A blog about U.S. immigration matters by Paul Szeto, a former INS attorney and an experienced immigration lawyer. We serve clients in all U.S. states and overseas countries. (All information is not legal advice and is subject to change without prior notice.)


Ripple Effect of Findream on Foreign Students

On June 26, 2020, the owner of Findream LLC and Sinocontech LLC, Weiyun "Kelly" Huang, was sentenced to 37 months in federal prison for conspiracy to commit visa fraud. These two companies provided bogus employment verification records for foreign students to extend their stay in the U.S. on F-1 and H-1B status. ICE reported that there were at least 2,686 international students involved in this matter.


These foreign nationals, many in F-1 or H-1B status, are also worried about whether any further actions will be taken by the DHS. As of now, there is no indication that DHS will be rounding up  these non-immigrant visa holders as they did in the UNNJ (University of North New Jersey) operation. Still, the Findream/Sinocontech issue has surfaced on a few different occasions, showing that it is not going away any time soon. 

The most common situation is the Request For Evidence (RFE). Foreign nationals who have a connection with these two sham companies have been cornered by RFEs during their change of status, H-1B extension/transfer, or even adjustment of status applications. These RFEs focus on the applicant's failure to maintain his/her status. Some of them even bring up the issue of misrepresentation. If an applicant has ever procured immigration benefits by misrepresentation, he/she is subject to a ground of admissibility. Their ability to enter the U.S. or apply for a Green Card will be impaired. Applicants in the U.S. may even be placed in removal proceedings.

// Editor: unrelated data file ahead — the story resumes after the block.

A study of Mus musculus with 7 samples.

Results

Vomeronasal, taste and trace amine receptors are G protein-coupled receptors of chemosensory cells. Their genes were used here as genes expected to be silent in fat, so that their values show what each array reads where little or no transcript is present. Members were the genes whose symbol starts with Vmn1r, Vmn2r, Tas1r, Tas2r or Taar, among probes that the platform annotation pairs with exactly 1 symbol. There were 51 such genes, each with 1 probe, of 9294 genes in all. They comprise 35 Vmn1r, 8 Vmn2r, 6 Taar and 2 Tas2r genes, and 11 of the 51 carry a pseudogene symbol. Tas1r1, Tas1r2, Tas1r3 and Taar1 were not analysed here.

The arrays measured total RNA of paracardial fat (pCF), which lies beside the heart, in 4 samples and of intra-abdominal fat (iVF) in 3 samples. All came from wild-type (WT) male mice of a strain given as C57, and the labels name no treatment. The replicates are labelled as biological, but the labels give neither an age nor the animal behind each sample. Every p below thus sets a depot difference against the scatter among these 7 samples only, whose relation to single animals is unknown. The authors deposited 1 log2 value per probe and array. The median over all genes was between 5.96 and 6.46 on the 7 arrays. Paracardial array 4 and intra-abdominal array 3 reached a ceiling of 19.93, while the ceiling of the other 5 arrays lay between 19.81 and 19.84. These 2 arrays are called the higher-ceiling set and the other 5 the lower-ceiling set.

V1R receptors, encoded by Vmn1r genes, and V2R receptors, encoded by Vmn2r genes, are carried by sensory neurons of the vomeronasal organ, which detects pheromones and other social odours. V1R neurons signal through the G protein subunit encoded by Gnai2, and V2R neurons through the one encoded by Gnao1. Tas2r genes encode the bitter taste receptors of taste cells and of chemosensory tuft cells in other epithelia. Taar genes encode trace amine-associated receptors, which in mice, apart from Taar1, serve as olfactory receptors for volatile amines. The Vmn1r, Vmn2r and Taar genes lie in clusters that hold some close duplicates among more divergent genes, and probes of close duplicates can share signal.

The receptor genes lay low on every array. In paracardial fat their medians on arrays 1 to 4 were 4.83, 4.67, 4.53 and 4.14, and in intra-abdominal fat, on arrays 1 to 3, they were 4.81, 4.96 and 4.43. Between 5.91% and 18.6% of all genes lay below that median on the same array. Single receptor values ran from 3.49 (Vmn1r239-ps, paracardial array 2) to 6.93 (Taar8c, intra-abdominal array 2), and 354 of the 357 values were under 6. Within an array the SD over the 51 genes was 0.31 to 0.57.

There are also reports of Chinese students that were sponsored by Findream for OPT employment being stopped and removed by Customs and Border Protection (CBP) officers upon their return from overseas travel. Some students or workers do not even make it to a U.S. airport, having been informed that their visa had been revoked before they could board the plane. 

There are different ways to deal with this issue depending on the individual situation and plans. If an international student or foreign worker has strong evidence to prove that he/she did not have the intention to defraud the government, he/she may try to contest any fraud charge. There is a waiver available to those who can establish that their deportation will result in extreme hardship to their U.S. citizen or legal resident spouse or parent. Some others may choose to depart the U.S. to avoid an adverse finding by DHS and accrual of unlawful presence. However, given the current pandemic situation and travel bans, it may not be easy for students to go back to their home country.

Before making any decisions, we suggest that international students and foreign workers first consult with an experienced immigration lawyer to explore their options.  One person's solution may not work for another.